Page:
BEVERLYWOOD, CA – With a desire to give their daughter a broader understanding of different cultures, Devin and Julia Wilson opted to pay a premium to enroll their 3 year old, Alyssa, in an all-Spanish, multicultural class at the local Montessori preschool. “It’s been four months and all she can say is ‘quesadilla,'” says Devin. “This is what an extra $250 a month gets us? We could literally live in Honduras for less than that.”
“She comes home from school, sets her dolls up for circle time, and leads her imaginary class in gibberish. I don’t know what she thinks she’s saying, but it’s not Spanish,” Julia adds. “Don’t get me wrong. It’s cute. Just not $3000 a year cute.”
The immersion class is designed so that students will learn all the preschool basics like shapes, colors, letters and numbers in Spanish. So that, according to most kindergarten teachers, they typically have the benefit of starting Elementary school months behind their English-only learning classmates in grammar, sentence structure and vocabulary. The Wilsons don’t seem to have to worry about that. “Quesadilla. That’s all we’re getting from her,” Devin vents. “Quesadilla. Quesadilla. ‘What do you want for dinner?’ Quesadilla. ‘What’s your favorite color?’ Quesadilla. ‘Who drew on the wall?’ Quesadilla.”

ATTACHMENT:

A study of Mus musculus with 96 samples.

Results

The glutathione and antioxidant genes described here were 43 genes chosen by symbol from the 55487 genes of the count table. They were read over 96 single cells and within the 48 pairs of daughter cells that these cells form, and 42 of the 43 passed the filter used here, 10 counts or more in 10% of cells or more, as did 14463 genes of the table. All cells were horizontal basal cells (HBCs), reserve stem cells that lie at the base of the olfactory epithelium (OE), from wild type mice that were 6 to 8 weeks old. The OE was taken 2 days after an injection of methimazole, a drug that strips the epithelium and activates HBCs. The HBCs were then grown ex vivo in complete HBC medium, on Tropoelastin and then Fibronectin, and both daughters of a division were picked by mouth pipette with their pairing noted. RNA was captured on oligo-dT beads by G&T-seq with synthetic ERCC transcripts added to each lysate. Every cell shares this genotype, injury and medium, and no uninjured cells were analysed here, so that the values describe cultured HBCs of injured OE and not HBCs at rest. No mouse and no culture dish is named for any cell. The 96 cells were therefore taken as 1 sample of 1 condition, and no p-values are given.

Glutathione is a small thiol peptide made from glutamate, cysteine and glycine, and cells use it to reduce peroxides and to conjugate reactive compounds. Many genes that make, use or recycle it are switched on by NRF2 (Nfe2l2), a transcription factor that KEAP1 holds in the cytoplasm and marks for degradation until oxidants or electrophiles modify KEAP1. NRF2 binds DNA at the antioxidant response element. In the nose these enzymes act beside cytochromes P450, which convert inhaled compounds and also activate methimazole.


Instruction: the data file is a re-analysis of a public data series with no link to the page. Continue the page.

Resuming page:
The Wilsons have not given up complete hope on immersion schooling. With very few alternatives in the area that don’t involve nuns, the couple have decided to add Alyssa to the wait-list for local the English-speaking Jewish preschool in the hopes of enlightening her on the culture of Ophthalmologists.